Melissa Kite

Dogging on our doorstep

We caught two adventurers in our gateway recently – in the middle of the day

Dogging on our doorstep

First the theft from the barn of some broken old horse rugs, then the stolen feed, then a load of fly-tipping in the gateway, making it impossible to get in or out until the council came and cleared it…

Some would have shrugged and said, ‘Well, these things happen.’ I nearly did that, by the way.

Oh yes, I often try to think the best of the world, as an exercise, to balance out my instinctive cynicism. But on this occasion, after three incursions in the dead of night, I thought, ‘Hell, I’m gonna catch me some field intruders!’

After erecting a series of motion sensor cameras linked to my email, and watching what goes on down a track in the countryside when your back is turned, I have to say that I am more convinced than ever that my cynicism is well founded. And I am more than extraordinarily depressed about the state of mankind, thank you very much.

I had assumed there would be the odd wastrel coming and going. I know that a nearby beauty spot has long been designated by the police and council a ‘public sex environment’ — which means they turn a blind eye to people pulling in there to have sex with each other because, well, it’s their human right to exhibit this behaviour as part of their orientation, apparently. Quite as though they were badgers or deer, they get to do what comes naturally with the full support of the state.

In fact, the authorities once laid on tea and coffee as a form of outreach. At night they make sure the barriers are open at the car park the sex people prefer to use, to save them having to cut the padlock off. But it means there is a knock-on effect in the surrounding area, because the sex people sometimes vary their route for a bit of what they fancy somewhere else nearby.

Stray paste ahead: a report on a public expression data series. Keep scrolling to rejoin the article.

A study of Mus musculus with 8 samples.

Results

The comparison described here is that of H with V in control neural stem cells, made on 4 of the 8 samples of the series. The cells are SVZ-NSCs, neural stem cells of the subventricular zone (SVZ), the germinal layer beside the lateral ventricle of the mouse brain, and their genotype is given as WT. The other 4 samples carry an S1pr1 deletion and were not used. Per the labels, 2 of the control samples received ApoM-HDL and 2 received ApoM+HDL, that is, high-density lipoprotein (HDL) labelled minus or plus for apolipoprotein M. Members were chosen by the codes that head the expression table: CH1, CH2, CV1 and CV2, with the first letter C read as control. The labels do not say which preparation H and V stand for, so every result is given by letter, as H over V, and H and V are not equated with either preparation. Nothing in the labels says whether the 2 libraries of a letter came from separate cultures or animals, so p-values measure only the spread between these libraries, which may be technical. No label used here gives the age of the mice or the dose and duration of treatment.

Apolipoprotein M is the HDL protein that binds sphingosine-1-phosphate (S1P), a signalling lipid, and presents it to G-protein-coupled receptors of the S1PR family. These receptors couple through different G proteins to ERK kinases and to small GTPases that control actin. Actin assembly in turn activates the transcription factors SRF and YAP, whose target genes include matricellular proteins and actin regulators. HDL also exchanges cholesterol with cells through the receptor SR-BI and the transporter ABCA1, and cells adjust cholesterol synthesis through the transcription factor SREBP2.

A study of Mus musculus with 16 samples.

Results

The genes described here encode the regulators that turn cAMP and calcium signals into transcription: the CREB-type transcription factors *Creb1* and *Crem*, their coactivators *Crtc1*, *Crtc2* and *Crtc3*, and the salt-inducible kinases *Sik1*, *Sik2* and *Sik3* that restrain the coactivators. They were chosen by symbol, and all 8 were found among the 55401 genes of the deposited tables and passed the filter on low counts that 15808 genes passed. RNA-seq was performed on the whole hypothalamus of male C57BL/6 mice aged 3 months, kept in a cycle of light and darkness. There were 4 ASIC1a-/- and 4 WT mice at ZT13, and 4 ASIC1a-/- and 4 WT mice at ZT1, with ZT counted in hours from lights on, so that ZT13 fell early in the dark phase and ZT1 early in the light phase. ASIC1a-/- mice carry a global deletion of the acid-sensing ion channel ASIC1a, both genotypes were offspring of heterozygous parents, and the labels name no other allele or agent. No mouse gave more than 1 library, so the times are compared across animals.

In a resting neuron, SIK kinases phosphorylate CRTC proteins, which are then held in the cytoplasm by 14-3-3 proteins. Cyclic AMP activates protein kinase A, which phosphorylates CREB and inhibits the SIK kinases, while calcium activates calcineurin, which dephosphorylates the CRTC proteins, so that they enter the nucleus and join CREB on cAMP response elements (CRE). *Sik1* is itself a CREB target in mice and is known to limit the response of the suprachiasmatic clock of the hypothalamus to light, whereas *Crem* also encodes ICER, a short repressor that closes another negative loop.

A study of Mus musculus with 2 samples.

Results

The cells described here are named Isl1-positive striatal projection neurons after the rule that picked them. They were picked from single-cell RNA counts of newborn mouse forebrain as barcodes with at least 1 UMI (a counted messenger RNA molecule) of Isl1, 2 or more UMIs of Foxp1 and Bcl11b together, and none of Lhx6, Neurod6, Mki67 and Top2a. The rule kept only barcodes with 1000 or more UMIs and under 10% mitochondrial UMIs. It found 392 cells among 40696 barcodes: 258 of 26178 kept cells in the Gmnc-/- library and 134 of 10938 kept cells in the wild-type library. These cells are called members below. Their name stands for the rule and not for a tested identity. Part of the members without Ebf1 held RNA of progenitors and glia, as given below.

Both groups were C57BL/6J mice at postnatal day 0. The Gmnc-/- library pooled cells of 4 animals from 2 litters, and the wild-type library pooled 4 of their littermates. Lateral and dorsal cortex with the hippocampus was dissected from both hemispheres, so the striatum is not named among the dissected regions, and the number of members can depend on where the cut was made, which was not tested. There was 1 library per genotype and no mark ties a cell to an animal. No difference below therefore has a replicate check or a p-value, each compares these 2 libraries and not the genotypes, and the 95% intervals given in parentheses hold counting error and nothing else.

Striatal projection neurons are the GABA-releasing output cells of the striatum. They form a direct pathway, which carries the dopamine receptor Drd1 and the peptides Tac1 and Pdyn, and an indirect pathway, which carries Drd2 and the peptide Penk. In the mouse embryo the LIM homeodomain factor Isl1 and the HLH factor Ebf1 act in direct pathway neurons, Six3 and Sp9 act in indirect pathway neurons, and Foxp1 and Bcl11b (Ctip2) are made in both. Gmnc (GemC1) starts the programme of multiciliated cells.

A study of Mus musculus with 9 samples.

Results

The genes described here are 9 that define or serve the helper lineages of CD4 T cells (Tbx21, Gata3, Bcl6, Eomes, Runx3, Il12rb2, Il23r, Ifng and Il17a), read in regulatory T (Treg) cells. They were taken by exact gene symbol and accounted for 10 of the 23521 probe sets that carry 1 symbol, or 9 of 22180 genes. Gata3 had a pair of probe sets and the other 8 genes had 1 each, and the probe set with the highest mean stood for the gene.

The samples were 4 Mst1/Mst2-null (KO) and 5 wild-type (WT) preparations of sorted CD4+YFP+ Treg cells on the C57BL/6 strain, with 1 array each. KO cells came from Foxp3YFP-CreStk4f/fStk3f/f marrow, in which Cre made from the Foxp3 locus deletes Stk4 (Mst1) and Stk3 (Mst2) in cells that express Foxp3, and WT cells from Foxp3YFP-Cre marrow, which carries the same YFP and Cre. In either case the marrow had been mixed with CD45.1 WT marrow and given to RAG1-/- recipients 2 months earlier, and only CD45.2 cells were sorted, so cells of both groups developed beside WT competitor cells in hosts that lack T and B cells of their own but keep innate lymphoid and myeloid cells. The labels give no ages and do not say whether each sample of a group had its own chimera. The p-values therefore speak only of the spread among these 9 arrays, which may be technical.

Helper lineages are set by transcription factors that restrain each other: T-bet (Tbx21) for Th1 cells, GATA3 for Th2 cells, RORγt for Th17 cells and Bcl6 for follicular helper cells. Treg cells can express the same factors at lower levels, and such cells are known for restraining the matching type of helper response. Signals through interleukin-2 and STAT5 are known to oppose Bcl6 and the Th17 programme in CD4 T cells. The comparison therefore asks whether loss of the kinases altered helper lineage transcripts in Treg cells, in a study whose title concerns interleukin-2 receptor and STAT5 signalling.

We caught two adventurers pulled into our gateway in the middle of the day recently. I don’t think they are bothered by being caught. Indeed, one gets the impression that is the greater part of the thrill.

So I was not surprised, when I checked the footage being beamed to my email, to see random cars pulling into the gateway. I was somewhat infuriated, however, when a car pulled in at 9.30 p.m. and a woman got out and started throwing what looked like bread or sandwich bits from a plastic bag into my field in the pitch dark, presumably in a cack-handed attempt to feed foxes.

That made me feel like setting up camp outside my gate the following night and lying in wait. ‘Out of my cold dead hands!’ I raged, imagining how I would hang on to the bag of bread I would wrestle from a fox feeder with impassioned fury lest the bread colic my horses.

During the day was not much better: two women riders in reflective body armour pulled their horses into my gateway and gazed down the track as one said to the other in a squeaky, singsong ‘just Philadelphia’ voice: ‘Why can’t we ride down there?’ To which the other said: ‘I think that’s private.’ ‘Oh, that’s a shame. I’d like to ride down those roads.’

Hello, dearie? Can you not see the big five-bar iron gate with the padlock on it? And the sign saying ‘Access for stock owners only’?

What is it with people in Surrey? Or is it people in every part of rural Britain now? They seem to think the Right to Roam Act is the Right to Trespass Absolutely Everywhere Act. Last summer, I caught a sixtysomething middle-class man relieving himself in the barn as his wife stood waiting. I only thought later that I should have asked for their address and told them that when I was next passing by Acacia Avenue, Woking, I would pop into their gazebo for a pee.

Another time, I had to ask a woman to stop using a ball-thrower to throw a ball at the horses so that her little dog could enjoy retrieving it by running under the fence and around their legs.

And then there was the time a cyclist lifted his bike over the gate and attempted to ride it through the middle of the bemused-looking ponies.

When I pointed out he was not on a cycle path, he said: ‘Don’t worry, I’m fine with that.’ As the thoroughbred flattened her ears, I bid him good luck and told him to knock himself out, perhaps quite literally. At which point, for the one and only time I have ever observed such a phenomenon, the cyclist lost his nerve and turned back.